Insights and Research

Comcast Monday Blues: How We Stayed Productive During an ISP Outage

A map depicting outages

“Switch over to your smartphone hotspot if you have Comcast,” the Slack message said. It was 9:45 pm on Monday, November 8th.

At first, it seemed like a childish prank, but it was coming from a legit source: our IT team. We were on a critical Zoom call, fine-tuning last-minute event details for the 'No Interruptions' product launch event scheduled for Tuesday morning. 

“We are seeing cascading outages for Comcast users across Northern California; may impact you soon - the following message warned.

The disruption and subsequent coordination to get our work done would’ve been an unnecessary annoyance for us. In response to the alert, we shifted over to our hotspots and happily chugged along with our meetings while the outage rolled across NorCal. 

Unscheduled, multi-hour ISP outages are uncommon these days, but when they happen, especially when most of us are working from home, the impact on productivity is significant. 

The Comcast outage was a reminder to plan for unforeseeable situations. But how do you prepare for random outages?  

In the digital experience monitoring (DEM) world, proactive monitoring is the best approach to staying ahead of unexpected outages and disruptions. But, the promise of continuous searching for signs of trouble  is hard to believe until you see it in action. 

The Comcast outage was an uncanny opportunity for the team that was putting the final touches on the launch of upgrades to our monitoring solution the very next day. So, how did the IT team pull it off? Let's look at how the team utilized cloud-native proactive monitoring to help us stay productive during the outage.

We use Zscaler Digital Experience (ZDX) within Zscaler to track and diagnose the performance of apps used by Zscaler employees. On the evening of November 8th, we began to see severe performance degradation, affecting multiple critical applications used by our employees. ZDX showed problem spots around the country, but a notable cluster in the San Francisco Bay Area. Given the concentration of our employees there, we decided to investigate. The ZDX score of these critical applications, while typically green, had dropped precipitously into the OK/poor category, accompanied by a sharp rise in page load times. See Figure 1.

Figure 1: ZDX score and Page Fetch Time show a significant drop around 9 PM PT (or 12 AM ET)

ZDX monitors the experience of each and every Zscaler employee, using them as “eyes” and “ears” to monitor application degradations. In this case, it saw anomalous behavior coming from areas of high Comcast usage, spread throughout the Bay Area. In Figures 2 and 3, we can see the experience of Zscaler employees before the outage and during the outage: 

Figure 2: Zscaler employees in the Bay Area having good performance under normal conditions
 

Figure 3: Zscaler employees in the Bay Area experiencing the strains of the Comcast outage on the evening of November 8th, 2021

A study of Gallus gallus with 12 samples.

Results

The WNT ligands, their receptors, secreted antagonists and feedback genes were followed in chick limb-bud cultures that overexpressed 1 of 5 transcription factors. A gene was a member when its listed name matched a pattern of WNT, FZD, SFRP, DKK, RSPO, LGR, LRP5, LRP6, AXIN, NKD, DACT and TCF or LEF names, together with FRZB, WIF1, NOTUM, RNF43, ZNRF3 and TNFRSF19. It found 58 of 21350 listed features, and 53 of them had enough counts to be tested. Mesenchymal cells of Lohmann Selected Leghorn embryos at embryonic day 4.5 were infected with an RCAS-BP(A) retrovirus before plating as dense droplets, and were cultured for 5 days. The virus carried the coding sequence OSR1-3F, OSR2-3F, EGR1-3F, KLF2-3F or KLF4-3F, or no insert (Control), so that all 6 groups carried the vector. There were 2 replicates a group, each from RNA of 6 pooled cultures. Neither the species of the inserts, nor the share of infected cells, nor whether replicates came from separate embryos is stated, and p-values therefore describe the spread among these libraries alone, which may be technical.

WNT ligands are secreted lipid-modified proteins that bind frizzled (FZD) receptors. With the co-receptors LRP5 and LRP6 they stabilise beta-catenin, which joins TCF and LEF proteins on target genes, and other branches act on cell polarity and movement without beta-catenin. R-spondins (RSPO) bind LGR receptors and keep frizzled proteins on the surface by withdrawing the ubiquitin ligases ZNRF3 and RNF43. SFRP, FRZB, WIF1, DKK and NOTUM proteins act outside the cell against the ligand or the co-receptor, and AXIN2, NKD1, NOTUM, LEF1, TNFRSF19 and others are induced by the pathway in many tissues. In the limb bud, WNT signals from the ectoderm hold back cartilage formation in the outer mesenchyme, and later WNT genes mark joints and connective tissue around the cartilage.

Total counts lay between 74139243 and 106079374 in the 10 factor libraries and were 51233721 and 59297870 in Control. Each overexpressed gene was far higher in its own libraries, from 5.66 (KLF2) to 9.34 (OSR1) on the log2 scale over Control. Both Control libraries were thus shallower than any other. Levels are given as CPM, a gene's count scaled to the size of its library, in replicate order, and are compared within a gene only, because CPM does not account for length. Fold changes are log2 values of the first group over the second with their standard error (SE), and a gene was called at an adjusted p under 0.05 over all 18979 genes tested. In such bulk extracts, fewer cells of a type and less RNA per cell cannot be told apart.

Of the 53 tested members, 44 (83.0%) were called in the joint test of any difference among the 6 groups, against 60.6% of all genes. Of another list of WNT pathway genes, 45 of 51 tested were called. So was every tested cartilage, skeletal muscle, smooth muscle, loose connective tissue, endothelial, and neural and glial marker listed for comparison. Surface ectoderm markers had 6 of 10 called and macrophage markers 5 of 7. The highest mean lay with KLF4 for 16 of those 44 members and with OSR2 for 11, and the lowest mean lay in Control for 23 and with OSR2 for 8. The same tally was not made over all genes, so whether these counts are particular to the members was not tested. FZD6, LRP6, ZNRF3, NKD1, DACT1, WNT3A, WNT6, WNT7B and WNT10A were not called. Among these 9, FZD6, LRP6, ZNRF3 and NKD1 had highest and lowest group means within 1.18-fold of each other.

Once we identified that there were a significant number of employees in a concentrated region having problems, the next step was to isolate the cause of the problem. Since ZDX leverages the same agent that powers our cloud security solution, Zscaler Internet Access, (ZIA), we had access to a treasure trove of near-real-time data to analyze from across our employee base. ZDX measures from three different perspectives: the application, the network, and the user’s endpoint. Quick analysis ruled out the application and the user’s endpoint, leaving us with a network issue to further diagnose.

We examined data from ZDX CloudPath, which measures hop-by-hop latency and packet loss between a user’s endpoint and the application, and quickly isolated an ISP issue. CloudPath  helped us rule out Wi-Fi issues, Zscaler cloud issues, and problems on the internet backbone. It  showed us that each affected user was a Comcast customer and all of the degradation occurred between the user’s gateway and Comcast. 

Figure 4 shows how CloudPath indicates the hop between the user’s gateway and Comcast to be at fault, showing excessive latency and loss (sometimes there was no connection at all). It also shows a healthy Wi-Fi (with minimal latency), and highlights that a connection downstream from Comcast to the Zscaler cloud was not possible.


 

Figure 4: This employee was able to establish a connection to Comcast, but with excessive latency and loss

We take the internet for granted, especially with most of the ISPs building highly resilient networks to deliver fast broadband connectivity to our homes. But, like any complex system, once  disruption strikes, you get wildly unpredictable and degraded internet performance. Proactive monitoring combined with the network effects of monitoring from every user helps in providing a measure of control and predictability. 

Check out Zscaler Digital Experience to learn how you can help your distributed workforce stay productive.